The technique of slowly adding an acid to a base or vice versa-until the reaction has reached
the equivalence point is known as titration. The key to observing the equivalence point of a titration is the use of an indicator to indicate when the equivalence point of the reaction has been reached. Indicators take many forms. The most familiar indicators are litmus and phenolphthalein. Litmus is a vegetable dye that is red in acid and blue in base. Phenolphthalein is colourless in acid and pink in base. In practice, each indicator has an endpoint-at which it turns colour-that might be slightly different from the equivalence point of the reaction. Titrations that use phenolphthalein as the indicator, for example, should be stopped just before the solution turns a permanent pink colour. (1) Lewis, R., Evans, W., 2011
The chemicals that were used in this experiment were phenolphthalein indicator, water, hydrochloric acid, sodium hydroxide and potassium acid phthalate.
The apparatuses that were used in this experiment were burette, beaker, pipette, analytical balance, dropper, conical flask, glass rod, and volumetric flask.
1. Weigh accurately mass approx. 5 g of potassium hydrogen phthalate (KHP) into a weighting boat record the mass to the three or four decimal place.
2. Transfer to a beaker and add distilled water. Swirl the baker or with glass rod until the solid is completely dissolved.
3. Carefully place a stirring magnet into 250cm3 volumetric flask and make up to mark with distilled water and shake well.
4. Pipette a 25cm3 amount of this into a conical flask. Add two or three drops of phenolphthalein.
5. Now fill the burette with the sodium hydroxide solution and remove any air bubbles from the tip of the burette.
6. Take the initial burette reading.
7. While stirring the conical flask slowly add the sodium hydroxide from the burette until the solution in the conical flask turn pink. Try to stop it at the first hint of faint pink. Record the final volume of the burette.
8. Repeat this procedure until consistent result
Table 1 - shows the titration of sodium hydroxide into 250cm 3 of potassium hydrogen phthalate solution.
Initial volume of burette (cm3)
Final volume of burette (cm3)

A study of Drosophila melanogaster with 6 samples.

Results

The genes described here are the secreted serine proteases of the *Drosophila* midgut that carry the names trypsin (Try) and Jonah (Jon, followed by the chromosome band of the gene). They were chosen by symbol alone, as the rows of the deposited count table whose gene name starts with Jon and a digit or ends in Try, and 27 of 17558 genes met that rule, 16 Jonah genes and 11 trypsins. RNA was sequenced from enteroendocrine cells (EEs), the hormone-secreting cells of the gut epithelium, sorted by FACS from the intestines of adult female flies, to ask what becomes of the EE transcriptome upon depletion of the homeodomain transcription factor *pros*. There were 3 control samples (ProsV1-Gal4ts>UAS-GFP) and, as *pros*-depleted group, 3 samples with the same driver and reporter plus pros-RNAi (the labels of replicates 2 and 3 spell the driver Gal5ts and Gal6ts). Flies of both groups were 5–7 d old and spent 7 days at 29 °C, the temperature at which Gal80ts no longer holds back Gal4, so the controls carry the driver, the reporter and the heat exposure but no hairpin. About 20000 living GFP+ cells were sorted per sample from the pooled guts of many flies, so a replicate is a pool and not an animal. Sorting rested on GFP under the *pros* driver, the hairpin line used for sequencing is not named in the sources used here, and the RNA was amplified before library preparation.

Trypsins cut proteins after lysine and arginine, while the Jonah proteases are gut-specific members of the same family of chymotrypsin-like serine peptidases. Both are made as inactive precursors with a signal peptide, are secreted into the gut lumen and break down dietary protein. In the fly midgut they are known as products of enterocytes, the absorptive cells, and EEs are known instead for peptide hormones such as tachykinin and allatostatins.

Final titration NaOH (cm3)
(a) Your weighing (to four decimal places), and all titration results in a table. Remember to number and title the table.
Mass of potassium hydrogen phthalate used = 5.0008 g
5.0008 g of potassium hydrogen phthalate is diluted into distilled water and solution is made up to 250cm 3 this potassium hydrogen phthalate is used titration.
(b) The calculation of the relative molecular (Mr) mass of potassium hydrogen phthalate (HKC8O4H4).
Mr of potassium hydrogen phthalate (HKC8O4H4) is 204.1
(c) The calculation of the molarity of the solution of potassium hydrogen phthalate.
Moles = mass / relative molecular mass
Moles of HKC8O4H4= 5.0008g / 204.1 = 0.0245mol
Molality = moles / volume
Molarity of HKC8O4H4 = 0.0245mole / ( 250cm3 / 1000) = 1.568 moldm -6
d) Molarity calculation of sodium hydroxide solution
Molar ration of HKC8O4H4 to NaOH is 1.1. Therefore the mole of HKC8O4H4 are the same as NaOH which is 0.0245mol.
Molartiy of NaOH = 0.0245mol/ (26.00cm3 / 1000) = = 0.95moldm3
By carrying out this experiment a key finding was established of example the amount of so hydroxide solution required to provide an experiment neutralise a 25.00cm3 of potassium hydrogen phthalate solution. The experiment results had been repeated over three times to allow the results to be as accurate as possible, factors which could limit the experiment; such as the meniscus line on the burette could have been misread which led to obtain inaccurate volume of NaOH used in the experiment. Also the color changes within an indicator could affect the outcome of the end reaction lead to a false reading with the burette. The results were used to calculate the molarity with both solutions. During any experiment it’s important to reduce and minimise errors one way would be to repeat experiment over many times as possible. Also this will provide accurate results as there will be more comparative within the experiment, by carrying repeats this will allow the experiment to become reliable and valid. The experiment overall was successful as the aim of this experiment was achieved within a safety environment.
1. Lewis, R., Evans, W., 2011. Chemistry Palgrave foundations.4th ed. Hampshire: Palgrave Macmillan.